LONDON – The retiring star with more gold medals than anyone. The friendly rival who intends to be the biggest star in London.
Michael Phelps vs. Ryan Lochte.
What a way to start eight days of swimming at the Olympic pool!
The two Americans will go head-to-head today in the 400-meter individual medley, a grueling race encompassing all four strokes, an appropriate way for one or the other to fire the first salvo in this most intriguing of rivalries.
“A very rough race,” said Phelps’ coach, Bob Bowman, smiling at the possibilities. “It will be a coach’s dream, but also a spectator’s dream. It will be fantastic.”
For Phelps, it’s a chance to add to his record total of 14 gold medals and become the first male swimmer to win the same event at three straight Olympics. But Lochte is the defending world champion and defeated Phelps rather easily at the U.S. trials last month.
Lochte is certainly not lacking for confidence.
“Right after Beijing, I had a four-year plan for getting here to London,” he said. “I thought I could go a lot faster. I knew I could, just because of the training I’ve done. That’s why I knew this was going to be my year.”
Lochte started following the same training regimen used by burly athletes who can compete in Strongman competitions – rolling large tires, tossing kegs, dragging chains. He believes it’s made him stronger than anyone else in the pool. He believes it’s the edge he needs to beat Phelps, and everyone else.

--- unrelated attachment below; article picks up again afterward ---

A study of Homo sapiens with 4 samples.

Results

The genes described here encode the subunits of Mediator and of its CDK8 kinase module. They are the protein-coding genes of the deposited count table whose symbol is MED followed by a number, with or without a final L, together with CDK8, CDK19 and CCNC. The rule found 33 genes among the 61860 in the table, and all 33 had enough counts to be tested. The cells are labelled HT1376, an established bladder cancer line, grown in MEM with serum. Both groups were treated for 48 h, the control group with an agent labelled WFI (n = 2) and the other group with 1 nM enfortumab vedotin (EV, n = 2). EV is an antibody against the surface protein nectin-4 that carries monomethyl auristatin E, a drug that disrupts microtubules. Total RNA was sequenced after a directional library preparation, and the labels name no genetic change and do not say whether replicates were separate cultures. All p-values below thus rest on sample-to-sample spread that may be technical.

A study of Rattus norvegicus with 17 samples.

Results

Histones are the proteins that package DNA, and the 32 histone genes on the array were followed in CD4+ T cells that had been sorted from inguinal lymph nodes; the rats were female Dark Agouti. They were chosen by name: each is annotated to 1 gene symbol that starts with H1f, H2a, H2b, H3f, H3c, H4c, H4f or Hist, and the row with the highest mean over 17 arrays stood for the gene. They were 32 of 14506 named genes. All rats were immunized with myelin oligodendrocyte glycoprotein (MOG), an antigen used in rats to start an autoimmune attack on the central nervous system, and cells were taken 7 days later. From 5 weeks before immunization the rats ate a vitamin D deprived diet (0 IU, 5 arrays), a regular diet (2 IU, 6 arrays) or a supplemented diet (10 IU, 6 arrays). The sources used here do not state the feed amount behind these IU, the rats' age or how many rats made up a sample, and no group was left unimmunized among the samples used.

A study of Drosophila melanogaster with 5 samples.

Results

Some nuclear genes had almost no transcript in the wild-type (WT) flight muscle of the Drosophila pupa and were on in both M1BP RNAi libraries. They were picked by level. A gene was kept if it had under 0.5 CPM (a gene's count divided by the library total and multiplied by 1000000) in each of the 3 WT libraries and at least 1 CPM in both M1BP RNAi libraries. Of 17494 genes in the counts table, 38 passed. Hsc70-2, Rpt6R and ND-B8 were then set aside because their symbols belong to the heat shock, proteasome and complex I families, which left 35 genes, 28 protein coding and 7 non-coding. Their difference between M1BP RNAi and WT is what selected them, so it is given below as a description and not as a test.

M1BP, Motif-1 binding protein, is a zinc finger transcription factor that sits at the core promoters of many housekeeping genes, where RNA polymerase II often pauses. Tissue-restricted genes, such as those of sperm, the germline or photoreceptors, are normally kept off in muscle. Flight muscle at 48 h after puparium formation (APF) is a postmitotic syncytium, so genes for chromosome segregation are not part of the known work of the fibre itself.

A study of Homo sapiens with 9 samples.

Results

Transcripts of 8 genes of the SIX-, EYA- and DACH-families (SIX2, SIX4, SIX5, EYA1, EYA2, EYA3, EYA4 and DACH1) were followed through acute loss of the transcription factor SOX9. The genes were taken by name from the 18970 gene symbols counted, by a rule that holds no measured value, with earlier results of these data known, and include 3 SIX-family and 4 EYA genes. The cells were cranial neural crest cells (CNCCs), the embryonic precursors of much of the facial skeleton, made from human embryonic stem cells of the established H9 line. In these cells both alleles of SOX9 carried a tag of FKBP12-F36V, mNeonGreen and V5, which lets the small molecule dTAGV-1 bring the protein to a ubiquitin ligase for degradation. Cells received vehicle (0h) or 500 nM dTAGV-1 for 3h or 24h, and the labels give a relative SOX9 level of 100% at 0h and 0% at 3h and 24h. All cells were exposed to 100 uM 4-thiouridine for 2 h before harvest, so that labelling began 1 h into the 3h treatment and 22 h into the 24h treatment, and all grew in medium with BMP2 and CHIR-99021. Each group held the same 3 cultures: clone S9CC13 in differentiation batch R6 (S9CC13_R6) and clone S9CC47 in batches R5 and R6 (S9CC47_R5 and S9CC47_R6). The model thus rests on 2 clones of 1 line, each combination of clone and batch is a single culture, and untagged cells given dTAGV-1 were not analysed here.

“It’s going to pay off,” Lochte said. “I just know it.”
Phelps is chasing more history at these games, having already claimed the record for most golds – five more than anyone else – and knocked off Mark Spitz’s iconic Olympic standard with eight wins in Beijing. Next up: Soviet gymnast Larisa Latynina, who is two ahead of Phelps with 18 career medals. It shouldn’t be too much of a challenge for him to take down that record, since he’s got seven events in London and figures to win a medal of some color in every one of them.
Lochte doesn’t mind Phelps winning silver or bronze. Those colors don’t interest the laid-back Floridian in the least.
“You should be going in with the mindset of winning,” Lochte said. “That’s what I’m going to be doing each race. I’m going up there to win. I’m not going for silver or bronze, I’m going for gold.”
The winningest Olympian ever will certainly have something to say about that. Phelps struggled to stay motivated after Beijing, and some lackluster training showed at last year’s world championships, where he was beaten by Lochte in both the 200 free and 200 individual medley. But Phelps has clearly regained his racing edge, wanting to go out in style at what he insists will be the final meet of his career. He intends to retire as soon as his final Olympic race is done.
“Last workout ever,” Phelps tweeted Friday morning, joking that he wouldn’t have to do anymore “garbage yardage” and thanking his coach for guiding him throughout his career. “Now let’s have some fun this week.”
Phelps showed he means business by beating Lochte in both the 200 free and the 200 IM at the U.S. trials. While Lochte took the 400 IM, Phelps only restored that event to his program earlier this year. He figures to be faster in London than he was in Omaha.
“It’s always a challenge to have things go perfectly,” Phelps said. “For the very first night, it is going to be a challenging race. It’s going to be an exciting race. Bob and I have changed a few things over the past few weeks. I feel confident. Everything feels good.”